Guard, Reserve Service Takes High Financial Toll

Kenneth Eicholz

National Guard member Kenneth Eicholz, 42, of Westphalia, Mo., says he was proud to serve his country in Iraq, but he's upset that he lost his car repair shop in the process. Marisa Penaloza, NPR hide caption

itoggle caption Marisa Penaloza, NPR
Kenneth Eicholz and his wife Christie, son Hunter and daughter

Kenneth and Christie Eicholz at home with their children Hunter, 3, and Cheyenne, 5. When Kenneth's business collapsed, Christie was forced to quit her job to handle the bill collectors. The family needed help with food, the mortgage and the power bill. Marisa Penaloza, NPR hide caption

itoggle caption Marisa Penaloza, NPR

Helping military families pay the bills: This chart from USA Cares breaks down the needs of the 960 people who have sought help from the nonprofit group. hide caption

Full Chart: What Military Families Needed

The nonprofit group USA Cares has helped hundreds of military families meet basic financial needs. Hear more stories from caseworker Cecelia Jeffrey, Ret. Maj. Gen. John Tindall, the group's president; and Ret. Sgt. Maj. Roger Stradley, operations officer at USA Cares.

* Produced by Marisa Penaloza.

Listen: Hear More Stories from USA Cares

Forty percent of American troops in Iraq are from National Guard and Reserve units. For many, the financial sacrifices are great. Many lose the salaries they were earning in the private sector, and their families are struggling to pay bills.

Support from the military can be elusive, because these soldiers are not part of a base community where family support groups are ready-made. Private groups like the nonprofit USA Cares, which is run by a retired major general, have sprung up to help cover the money gap, and some members of Congress have proposed incentives and subsidies to cover the loss of income.

The Pentagon insists it is doing what it can to help. And officials point out that some in the Guard are actually making more money than in the private sector.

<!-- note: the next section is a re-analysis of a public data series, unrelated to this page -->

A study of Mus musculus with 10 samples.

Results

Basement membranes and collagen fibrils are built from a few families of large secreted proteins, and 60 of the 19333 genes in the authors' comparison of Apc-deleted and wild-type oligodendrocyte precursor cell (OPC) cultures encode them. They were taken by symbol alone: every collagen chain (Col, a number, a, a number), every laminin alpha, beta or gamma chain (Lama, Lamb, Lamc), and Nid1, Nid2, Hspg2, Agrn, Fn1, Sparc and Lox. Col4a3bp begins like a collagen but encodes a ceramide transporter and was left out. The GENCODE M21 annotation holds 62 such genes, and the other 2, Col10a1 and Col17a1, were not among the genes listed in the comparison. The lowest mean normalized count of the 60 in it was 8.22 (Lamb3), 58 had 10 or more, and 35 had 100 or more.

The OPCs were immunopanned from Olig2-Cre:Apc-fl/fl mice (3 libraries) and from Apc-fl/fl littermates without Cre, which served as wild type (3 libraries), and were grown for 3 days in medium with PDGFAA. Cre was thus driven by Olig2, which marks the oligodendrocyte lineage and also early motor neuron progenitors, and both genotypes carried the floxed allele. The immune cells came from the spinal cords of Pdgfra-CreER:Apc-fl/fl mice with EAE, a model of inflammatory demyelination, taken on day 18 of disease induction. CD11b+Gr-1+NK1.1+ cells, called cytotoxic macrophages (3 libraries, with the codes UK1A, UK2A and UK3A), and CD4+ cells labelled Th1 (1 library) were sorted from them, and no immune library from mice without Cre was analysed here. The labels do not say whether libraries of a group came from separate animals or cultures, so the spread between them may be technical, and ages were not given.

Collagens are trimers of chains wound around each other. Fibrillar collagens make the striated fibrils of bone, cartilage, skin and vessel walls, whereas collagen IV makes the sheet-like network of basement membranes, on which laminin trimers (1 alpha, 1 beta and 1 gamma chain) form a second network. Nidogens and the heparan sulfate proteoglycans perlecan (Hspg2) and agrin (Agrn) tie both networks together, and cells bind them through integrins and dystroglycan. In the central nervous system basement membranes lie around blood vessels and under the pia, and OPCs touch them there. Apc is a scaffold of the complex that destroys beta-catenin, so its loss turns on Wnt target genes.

The Status of Forces

The Defense Department recently surveyed more than 19,000 Guard members and reservists, resulting in a 480-page document of detailed questions and answers about pay issues, retention, and satisfaction with service, equipment and training.

*PDF file

It's not clear how many families are struggling, but 430,000 Guard members and reservists have been mobilized since the Sept. 11, 2001, attacks. More than half of those who are married make less money in the military than in their regular jobs, according to a Defense Department survey.

By the Numbers: The Price of Service

  • Total number of National Guard members and reservists on active duty, as of March 2, 2005: 183,366
  • Total number (rounded off) of National Guard members and reservists activated at some point since the Sept. 11 attacks: 430,000
  • Percentage of American troops in Iraq who are National Guard or Reserve forces: 40%
  • Percentage of National Guard members and reservists who are married, as of May 2004: 56%
  • Percentage of married Guard members and reservists who report a loss of income over civilian jobs, as of May 2004: 55%
  • Percentage of married Guard members and reservists who report a decrease in pay of $1,000 a month or more, as of May 2004: 49%
  • Percentage of married Guard members and reservists who report a decrease in pay of $30,000 a year or more, as of May 2004: 15%
  • Percentage of married Guard members and reservists who report an increase in pay, as of May 2004: 42%
  • Number of private and public employers already subsidizing or planning to subsidize the military pay of employees when they're activated by the National Guard and Reserve: 963
  • Percentage of Guard members and reservists who are self-employed: 6%
  • Percentage of National Guard members and reservists who've turned to military family support organizations for assistance, as of May 2004: 18%
  • Estimated number of military families expected to seek child care subsidies from a new Defense Department program: 6,000-8,000
  • Number of military families who've contacted USA Cares for emergency assistance since the war in Iraq began: 959
  • Amount of assistance arranged by USA Cares for military families since the war in Iraq began: $350,514
  • Percentage of National Guard members and reservists who cite loss of income as a reason to leave the military, as of May 2004: 51%
  • Percentage of National Guard members and reservists who cite family burdens as a reason to leave the military, as of May 2004: 71%
  • Percentage of National Guard members and reservists who cite too many activations and/or deployments as a reason to leave the military, as of May 2004: 57%
  • Percentage of National Guard members and reservists who cite lengthy activations and/or deployments as a reason to leave the military, as of May 2004: 65%
  • Percentage of Guard members and reservists likely to continue in the Guard or Reserve, as of May 2004: 66%
  • Sources: U.S. Department of Defense; May 2004 Defense Dept. Survey "The Status of Forces"; U.S. Rep. Tom Lantos, (D-CA); the National Association of Child Care Resource and Referral Agencies; USA Cares.